I grew up in a family that celebrated an individual's beauty both the outward beauty as well as the inward character. My parents and grandparents never tried to make my sister and me into creatures we weren't. We were taught to dress well, but in clothes we liked. We were taught to be respectful, but not punished for being loud. We were allowed to develop our personalities and tastes in fashions on our own. My parents and grandparents understood that beauty is, and has always been, fleeting.

One of the most beautiful women I've known is my Mommom, and I figured it was about time I showed my mom's parents since I've shown you my dad's parents.

See, beauty is relative. It depends on culture, time and ethnic considerations. What was a true beauty in Georgian England was not a beauty in Japan at the same time. Georgian ideal of beauty is not the same as it is in England today.

Today, women are shown all these forms of beauty, but rarely can every woman be a beautiful woman. We cannot all try to attain cultural norms of beauty. Because of this understanding, the conservative church has focused inward, not outward.

Proverbs 31:30 sums up what I was taught about beauty through my conservative churches:

"Favor is deceitful, and beauty is vain; but a woman that fears the Lord, she shall be praised."

It's a beautiful statement because for those of us who are attractive, but not beautiful, we can focus on fearing (i.e. showing all due respect) God. I can handle that in my life. I don't have to try to be a size six, and I don't have to worry that the current color schemes don't work with my skin type

I can relax because my beauty is inward out not outward in.

Then comes the frustrations: beautiful characters. The conservative churches focus on creating a beautiful character - a personality that is beautiful. What does that entail? Usually a quiet, gentle spirit. One who is not inclined to cause a ruckus; one who is wise in her speech, does not show anger or jealousy. One who is meek and submissive.

I've tried to be all those things, but I will admit that I struggle with most of them. My personality is inclined to debate because I understand the world better by debate. I'm not necessarily quiet, and I can be brutally honest when needed. While I can control my emotions, passion lurks just below the surface, and my indignation or passion can bubble out. I've never viewed myself as sweet, kind or gentle.

To be someone I'm not seems pointless. To conform to what another decides is ideal beauty whether that beauty is outward or inward also seems pointless. True beauty, I've found, is being yourself. It's knowing how to dress so that you're comfortable in your own skin. It's acknowledging your personality both its strengths and weaknesses. It's finding what drives you, and following it. Beauty is confidence. It's knowing that you are who you are because God created you the way He did. It's realizing that you might be the loud one, or you might be the quiet one. You may be the introvert or the extrovert, but it does not matter.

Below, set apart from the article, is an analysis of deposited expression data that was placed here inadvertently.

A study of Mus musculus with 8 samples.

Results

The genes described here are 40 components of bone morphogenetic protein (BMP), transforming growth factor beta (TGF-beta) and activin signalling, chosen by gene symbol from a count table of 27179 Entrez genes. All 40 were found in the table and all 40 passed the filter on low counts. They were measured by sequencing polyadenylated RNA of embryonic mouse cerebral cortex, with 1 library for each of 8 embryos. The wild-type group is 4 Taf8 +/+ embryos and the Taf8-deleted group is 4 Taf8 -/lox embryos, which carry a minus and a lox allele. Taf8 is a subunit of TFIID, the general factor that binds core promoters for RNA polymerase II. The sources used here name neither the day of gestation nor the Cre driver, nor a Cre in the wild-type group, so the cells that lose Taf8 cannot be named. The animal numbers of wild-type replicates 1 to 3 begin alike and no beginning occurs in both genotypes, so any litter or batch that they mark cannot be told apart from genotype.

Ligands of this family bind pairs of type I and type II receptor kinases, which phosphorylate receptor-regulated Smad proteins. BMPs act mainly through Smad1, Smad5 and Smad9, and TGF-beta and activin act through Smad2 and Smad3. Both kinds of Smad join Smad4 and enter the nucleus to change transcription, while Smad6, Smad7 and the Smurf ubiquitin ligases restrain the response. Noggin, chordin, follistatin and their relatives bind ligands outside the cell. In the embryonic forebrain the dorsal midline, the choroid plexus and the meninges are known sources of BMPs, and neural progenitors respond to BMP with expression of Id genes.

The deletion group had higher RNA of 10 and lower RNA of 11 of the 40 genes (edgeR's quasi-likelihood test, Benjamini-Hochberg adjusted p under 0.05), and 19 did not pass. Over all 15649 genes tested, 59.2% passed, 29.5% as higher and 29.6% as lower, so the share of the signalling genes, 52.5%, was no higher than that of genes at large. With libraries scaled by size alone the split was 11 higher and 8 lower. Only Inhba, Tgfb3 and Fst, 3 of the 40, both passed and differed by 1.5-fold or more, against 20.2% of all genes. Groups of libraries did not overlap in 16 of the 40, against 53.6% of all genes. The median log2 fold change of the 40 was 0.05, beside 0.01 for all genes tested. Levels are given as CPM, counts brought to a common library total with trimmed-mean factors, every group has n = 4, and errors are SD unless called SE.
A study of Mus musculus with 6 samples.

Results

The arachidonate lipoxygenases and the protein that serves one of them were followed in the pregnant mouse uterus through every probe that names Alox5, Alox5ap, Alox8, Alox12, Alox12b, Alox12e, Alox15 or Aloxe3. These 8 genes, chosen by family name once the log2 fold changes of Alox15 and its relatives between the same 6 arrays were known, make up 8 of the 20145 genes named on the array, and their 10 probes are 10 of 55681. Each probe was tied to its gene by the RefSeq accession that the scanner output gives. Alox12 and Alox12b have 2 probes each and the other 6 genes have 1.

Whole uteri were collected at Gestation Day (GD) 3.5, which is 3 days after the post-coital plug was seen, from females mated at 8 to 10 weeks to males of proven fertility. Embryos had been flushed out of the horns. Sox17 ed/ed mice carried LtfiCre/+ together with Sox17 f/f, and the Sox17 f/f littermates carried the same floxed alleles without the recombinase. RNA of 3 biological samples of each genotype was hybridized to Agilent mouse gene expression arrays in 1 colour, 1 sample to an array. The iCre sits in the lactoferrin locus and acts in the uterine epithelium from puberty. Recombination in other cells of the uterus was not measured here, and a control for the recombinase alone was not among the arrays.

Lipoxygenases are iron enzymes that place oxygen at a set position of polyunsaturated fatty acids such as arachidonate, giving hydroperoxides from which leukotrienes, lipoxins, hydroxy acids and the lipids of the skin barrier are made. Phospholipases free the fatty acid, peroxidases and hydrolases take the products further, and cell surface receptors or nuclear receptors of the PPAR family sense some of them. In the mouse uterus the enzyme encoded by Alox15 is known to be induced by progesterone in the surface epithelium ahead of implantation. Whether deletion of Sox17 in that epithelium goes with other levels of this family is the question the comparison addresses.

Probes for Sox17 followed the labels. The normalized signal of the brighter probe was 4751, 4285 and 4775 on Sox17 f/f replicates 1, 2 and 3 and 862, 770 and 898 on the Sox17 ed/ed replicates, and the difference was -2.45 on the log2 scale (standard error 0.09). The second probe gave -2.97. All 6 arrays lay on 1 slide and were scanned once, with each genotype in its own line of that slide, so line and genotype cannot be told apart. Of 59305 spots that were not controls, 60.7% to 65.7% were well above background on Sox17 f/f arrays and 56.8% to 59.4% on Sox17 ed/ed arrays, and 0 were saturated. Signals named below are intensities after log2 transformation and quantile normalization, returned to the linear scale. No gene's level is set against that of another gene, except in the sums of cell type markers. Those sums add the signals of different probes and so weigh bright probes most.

Beauty is the stretch of peach across a sapphire sky where lavender gray clouds hang after a summer storm. It doesn't try to be something it isn't, but simply enjoys who it is.

If there is one thing that the conservative Christianity can do in regards to beauty it is this: stop defining it. Stop defining it in narrow terms. Submissive, quiet women who fit the modern standards of physical beauty are not the ideal Christian woman - they are one type of Christian woman.

The church needs to realize that it needs confident women willing to step out of the shadows. It needs women who fight, and it needs women who heal. The church needs the women intellects even as it needs the average woman. Not everyone can be philosophers, but everyone can read, discern and teach. We need women who create beautiful pieces of art and music, and those who appreciate it. We need women who are gentle and those that are hard. We need women willing to stand up, and those willing to fall in behind the leader. We need women who are confident in who God created them to be.

What we don't need are women who are constantly trying to pursue an ideal beauty that no one can fit. That ideal might be physical or it might be spiritual. Either way, we need to stop focusing on what isn't, and focus on what is.